There isn't an adult alive who hasn't idly wondered what it'd be like to go to high school again. Forty-something, balding Andy Wicks has done it – he's zipped back more than 20 years to relive his high school geek days in 1985. It's the plot of the latest graphic novel by the indie comics creator Alex Robinson, "Too Cool To Be Forgotten."
Robinson is best known for lengthy multi-character stories like "Box Office Poison" and "Tricked," but the relatively short "Too Cool To Be Forgotten" sticks pretty close to one protagonist. 40-something Andy Wicks wants to give up the smoking habit he's had since his teen years, and after all the cures fail, decides to try hypnosis. But it has a bizarre effect, sending the modern-day Andy back to his high-school body to get a second chance to get things right.
The hypnosis thing is a whopping deus ex machina and fortunately "Too Cool" doesn't dwell too much on it. This is the tale of a guy really reliving his high school days -- all the crazy uncertainties, mega-drama and foolish mistakes. It's often quite funny – what would you tell a power-tripping sadistic school principal if you were 40 rather than 15? Would you approach that old crush with a little more confidence with a few more years of living under your belt?
What Robinson really captures here is the contrast between the fumbling strangeness of being a teenager, and the more settled, if less exciting, existence of an adult. Unlike wish-fulfillment movies like "Freaky Friday" or the like, Andy really doesn't want to stay a kid forever. "Too Cool" doesn't pretend that our younger days were really the better ones – it doesn't put a glossy romanticism on things. But it also comes to finding a kind of genuine peace between the way you were and the way you are, which is a lot deeper than "Freaky Friday" really got.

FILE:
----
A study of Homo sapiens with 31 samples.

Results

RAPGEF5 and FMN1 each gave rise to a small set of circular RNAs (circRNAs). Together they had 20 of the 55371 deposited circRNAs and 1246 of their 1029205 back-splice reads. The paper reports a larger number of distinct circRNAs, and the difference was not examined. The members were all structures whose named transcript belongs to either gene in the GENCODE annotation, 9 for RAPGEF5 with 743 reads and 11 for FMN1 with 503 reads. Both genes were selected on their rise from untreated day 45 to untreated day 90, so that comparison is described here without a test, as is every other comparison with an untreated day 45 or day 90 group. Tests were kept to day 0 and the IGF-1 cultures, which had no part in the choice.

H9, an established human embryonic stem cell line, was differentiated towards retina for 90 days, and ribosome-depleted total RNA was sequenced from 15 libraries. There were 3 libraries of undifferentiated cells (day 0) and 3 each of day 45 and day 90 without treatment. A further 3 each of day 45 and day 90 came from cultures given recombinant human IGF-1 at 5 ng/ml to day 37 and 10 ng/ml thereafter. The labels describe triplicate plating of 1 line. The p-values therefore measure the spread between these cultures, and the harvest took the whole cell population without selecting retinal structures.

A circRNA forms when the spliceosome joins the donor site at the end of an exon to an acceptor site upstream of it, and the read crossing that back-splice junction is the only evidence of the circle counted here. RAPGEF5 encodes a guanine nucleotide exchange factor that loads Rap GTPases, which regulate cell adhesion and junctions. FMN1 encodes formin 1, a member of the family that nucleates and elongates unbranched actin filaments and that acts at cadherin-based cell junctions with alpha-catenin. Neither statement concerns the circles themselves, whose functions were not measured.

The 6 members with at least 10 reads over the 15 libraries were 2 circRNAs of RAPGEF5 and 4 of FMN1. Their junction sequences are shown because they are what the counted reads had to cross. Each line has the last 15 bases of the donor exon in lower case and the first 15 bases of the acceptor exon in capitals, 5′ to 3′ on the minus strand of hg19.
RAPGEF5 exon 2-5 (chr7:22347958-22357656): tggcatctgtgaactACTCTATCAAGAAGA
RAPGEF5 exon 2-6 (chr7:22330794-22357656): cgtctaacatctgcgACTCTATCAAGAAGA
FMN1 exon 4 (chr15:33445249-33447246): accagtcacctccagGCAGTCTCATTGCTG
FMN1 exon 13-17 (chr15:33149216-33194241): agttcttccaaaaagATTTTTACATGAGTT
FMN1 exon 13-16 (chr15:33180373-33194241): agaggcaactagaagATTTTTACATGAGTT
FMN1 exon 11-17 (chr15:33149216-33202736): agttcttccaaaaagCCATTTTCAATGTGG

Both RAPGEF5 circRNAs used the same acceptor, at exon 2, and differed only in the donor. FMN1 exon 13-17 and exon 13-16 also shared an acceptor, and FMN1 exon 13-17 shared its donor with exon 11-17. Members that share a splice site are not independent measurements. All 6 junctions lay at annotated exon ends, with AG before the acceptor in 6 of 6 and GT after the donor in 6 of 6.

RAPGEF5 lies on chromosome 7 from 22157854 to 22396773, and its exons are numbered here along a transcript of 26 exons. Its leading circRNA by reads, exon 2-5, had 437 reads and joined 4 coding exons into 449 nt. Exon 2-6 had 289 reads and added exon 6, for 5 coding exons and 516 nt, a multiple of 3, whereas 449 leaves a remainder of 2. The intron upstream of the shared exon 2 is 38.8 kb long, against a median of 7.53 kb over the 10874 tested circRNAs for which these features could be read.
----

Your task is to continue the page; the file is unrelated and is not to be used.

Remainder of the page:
Robinson's crisp, expressive cartooning knows when to push the conventions of the medium and when to just sit back and let the drawings work.. There's a marvelously trippy 'word cloud' image Robinson uses to illustrate Andy's transition into teenager-hood, yet there's also just a kind of calm, precise detail to how Robinson shows the differences between Andy at 40 and age 15.
In its final pages, "Too Cool To Be Forgotten" takes a bit of a swerve, into an area that's foreshadowed a little earlier on. It's a heart-wrenching move and adds a generous dollop of pathos to the story. Sure, being a teen again would be kinda cool, but it'd also be kind of awful as well. It's a mark of Robinson's ever-increasing talent that he takes the shopworn idea of "18 again" and turns "To Cool To Be Forgotten" into a genuinely heartfelt, funny and sad piece of work.